Roselle chimney sweeps renew vows atop Willis Tower

By Burt Constable

The world has changed for Roselle master chimney sweeps David and Dee Stoll since their wedding on Oct. 8, 1978, atop the Sears Tower, then the planet's tallest building.

The Sears Tower is now the Willis Tower, and it is no longer the world's tallest building. With David Stoll now 85 and his bride 76, the Stolls' chimney sweeping careers are over and their school teaching the craft to others is no more.

But the couple's spark on the 142nd anniversary of the start of the Great Chicago Fire ignites a 35th anniversary party just as fun and lively as their wedding day. Their Tuesday begins with renewing their wedding vows atop the Willis Tower, still the nation's tallest building, dressed in their chimney sweep garb and surrounded by old friends and the new friends they've made.

"We did clean chimneys for 14 years. I want you to know this isn't fake," David Stoll says as he explains his well-worn black top hat and tux with tails that he wore on the job and for this ceremony.

Admitting to feeling a little scared when working on tall chimneys while trying to maintain her footing on icy roofs atop three-story buildings, Dee Stoll boldly steps onto the glass floor of the see-through balcony extending 4 feet beyond the Willis Tower's 103rd floor Skydeck.

"I like being on top of a roof. It's just like in 'Mary Poppins.' You can see everything," she gushes.

What most of the guests see is a pair of lives well spent.

"I'm going to start crying. I'm so happy for them," says Maria Kekos, a friend from Schaumburg. "They're like my parents. I just love them to death. Both of them have hearts of gold."

From her desk on the 23rd floor of then-new Sears Tower, Dee Stoll worked as product designer for Sears on items such as the Winnie The Pooh collection. David Stoll was a marketing executive from Brooklyn.

"We met through Helene Curtis," David Stoll says of the shampoo and personal care products account that brought them together. "I met her and asked her to marry me the first day."

On Valentine's Day 1977, David Stoll had a major heart attack during a high-powered marketing meeting at the Sears Tower. He wanted a simpler life. Together, the couple decided to uproot their careers, get married and go into business together as chimney sweeps.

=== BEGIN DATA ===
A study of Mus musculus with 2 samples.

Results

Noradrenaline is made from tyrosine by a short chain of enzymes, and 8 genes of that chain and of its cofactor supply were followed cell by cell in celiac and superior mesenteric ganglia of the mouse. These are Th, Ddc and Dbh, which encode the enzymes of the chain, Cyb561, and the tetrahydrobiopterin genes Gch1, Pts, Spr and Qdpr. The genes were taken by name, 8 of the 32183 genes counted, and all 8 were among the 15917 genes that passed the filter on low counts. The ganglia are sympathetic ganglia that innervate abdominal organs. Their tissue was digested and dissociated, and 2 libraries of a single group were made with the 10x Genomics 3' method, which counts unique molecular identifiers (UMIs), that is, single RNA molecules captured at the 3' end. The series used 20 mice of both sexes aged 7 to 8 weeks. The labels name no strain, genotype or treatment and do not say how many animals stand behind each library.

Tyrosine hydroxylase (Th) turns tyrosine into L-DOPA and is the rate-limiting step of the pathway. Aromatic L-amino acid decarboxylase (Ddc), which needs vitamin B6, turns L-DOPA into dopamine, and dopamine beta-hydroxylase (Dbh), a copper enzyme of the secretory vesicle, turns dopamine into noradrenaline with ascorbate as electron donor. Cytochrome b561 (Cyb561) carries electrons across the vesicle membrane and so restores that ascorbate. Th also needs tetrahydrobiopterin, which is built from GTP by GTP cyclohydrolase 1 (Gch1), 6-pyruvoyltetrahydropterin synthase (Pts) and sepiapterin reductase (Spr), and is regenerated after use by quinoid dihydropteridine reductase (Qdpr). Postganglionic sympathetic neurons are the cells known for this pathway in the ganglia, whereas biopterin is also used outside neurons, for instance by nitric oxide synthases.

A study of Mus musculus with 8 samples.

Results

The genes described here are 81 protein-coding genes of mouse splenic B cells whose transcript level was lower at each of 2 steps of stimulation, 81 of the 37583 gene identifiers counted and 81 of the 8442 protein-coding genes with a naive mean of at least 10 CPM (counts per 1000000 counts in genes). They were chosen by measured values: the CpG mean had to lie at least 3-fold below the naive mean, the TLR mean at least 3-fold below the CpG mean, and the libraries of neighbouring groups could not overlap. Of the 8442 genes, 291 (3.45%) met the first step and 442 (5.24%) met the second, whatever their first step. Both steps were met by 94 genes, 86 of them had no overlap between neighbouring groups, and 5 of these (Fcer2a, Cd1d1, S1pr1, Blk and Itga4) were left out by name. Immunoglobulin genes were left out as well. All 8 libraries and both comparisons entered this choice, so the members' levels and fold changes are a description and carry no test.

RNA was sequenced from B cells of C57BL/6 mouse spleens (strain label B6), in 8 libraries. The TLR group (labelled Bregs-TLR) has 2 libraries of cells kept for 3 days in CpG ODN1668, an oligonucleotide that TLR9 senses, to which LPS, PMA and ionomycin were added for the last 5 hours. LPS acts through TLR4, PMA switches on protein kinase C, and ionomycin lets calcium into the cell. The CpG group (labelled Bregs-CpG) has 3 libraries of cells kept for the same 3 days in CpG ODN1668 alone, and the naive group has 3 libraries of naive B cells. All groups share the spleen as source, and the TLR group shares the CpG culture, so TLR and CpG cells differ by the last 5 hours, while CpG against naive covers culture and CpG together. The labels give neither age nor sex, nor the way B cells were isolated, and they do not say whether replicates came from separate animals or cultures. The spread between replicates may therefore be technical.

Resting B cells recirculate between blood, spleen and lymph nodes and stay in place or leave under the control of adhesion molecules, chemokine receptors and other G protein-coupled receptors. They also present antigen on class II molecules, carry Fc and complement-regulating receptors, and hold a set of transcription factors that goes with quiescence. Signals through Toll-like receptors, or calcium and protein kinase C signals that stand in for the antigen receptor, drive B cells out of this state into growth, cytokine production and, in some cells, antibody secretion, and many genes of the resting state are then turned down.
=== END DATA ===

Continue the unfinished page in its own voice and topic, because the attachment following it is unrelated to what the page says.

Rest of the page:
Their wedding made international news, and their chimney sweep business did, too. They founded the National Chimney Sweep Guild, trained sweeps in their school and began extensive fire prevention campaigns that united her design skills and his marketing expertise. Dee created a chimney sweep figure named Dusty and published a book starring the lovable character.

"Everybody needs a lucky charm," David Stoll says as he brings a 3-foot-tall Dusty doll to their anniversary party. Chimney sweeps, as Dick Van Dyke's character noted in the 'Mary Poppins' movie, are good luck. That's because a sweep once saved a king from falling off his horse, and the king responded by inviting the sweep to the princess's wedding "to bring a touch of good luck for everybody," says David Stoll, who brings a good feeling to the people he meets.

"I met them while shopping for cat food at Walmart," says Tony Tornabene, decked in full chimney sweep garb as a groomsman alongside best man John Mars, a longtime public relations and marketing expert who helps the Stolls publicize their "Dusty the Chimney Sweep" books and campaigns. "I just felt God wanted us together. They are wonderful people."

Tornabene, 54, who lives in Schaumburg, helps the couple with odd jobs around their home and more. "They like split pea soup and I make great split pea soup," Tornabene says, adding, "They've helped me more than I've helped them just with their uplifting spirits."

If needed, the Stolls can belt out the "Chim Chim Cher-ee" song from "Mary Poppins," which explains how "a sweep is as lucky, as lucky can be."

In their vows, they give thanks for their friends and promise to take care of their cats, Dusty and Princess.

"It's hard not to be friends with these two," says Bob Zelinka of Elgin. Zelinka, 67, and Betty Strong, 65, met the Stolls 16 years ago while hiking in Starved Rock State Park and became fast friends.

Old friends Fred and Barbara Bunge have known the Stolls since they lived in the close-knit Four Lakes community in Lisle. Original bridesmaid Lou Ann Burkhardt, whose family also was part of that neighborhood, brings along photos from the 1978 wedding showing her daughters Lucinda and Holly as flower girls. She also brings Lucinda, who is now 43.

As David Stoll works the room, telling guests about the value of smoke detectors, carbon monoxide detectors and fire prevention, Dee Stoll smiles from a distance.

"He loves to talk to people," she says. "He loves marketing."

With a wink and a nod indicating he wants to do a little marketing in private, David Stoll brags about his wife's artist talent and her abstract paintings and stippling, the art technique of using tiny dots of color to form an image. "She's good," he says.

She's working on some new Dusty books, and they both say they want to keep their charitable work going with visits to hospitals and other places that appreciate the good luck that comes from chimney sweeps. While business and their health haven't always been so good through the decades, the Stolls aren't about to complain.

"It's like riding out the wave," Dee Stoll says. "We still are riding out that wave."

"Be the best you can be," David Stoll says as he breaks into song.

They kiss, far longer they anyone might expect, and hold hands as they walk to the lunch portion of the party.

"Life's been good," Dee Stoll says. Her husband nods to the Dusty doll as if to give credit, and says, "The spirit of good luck."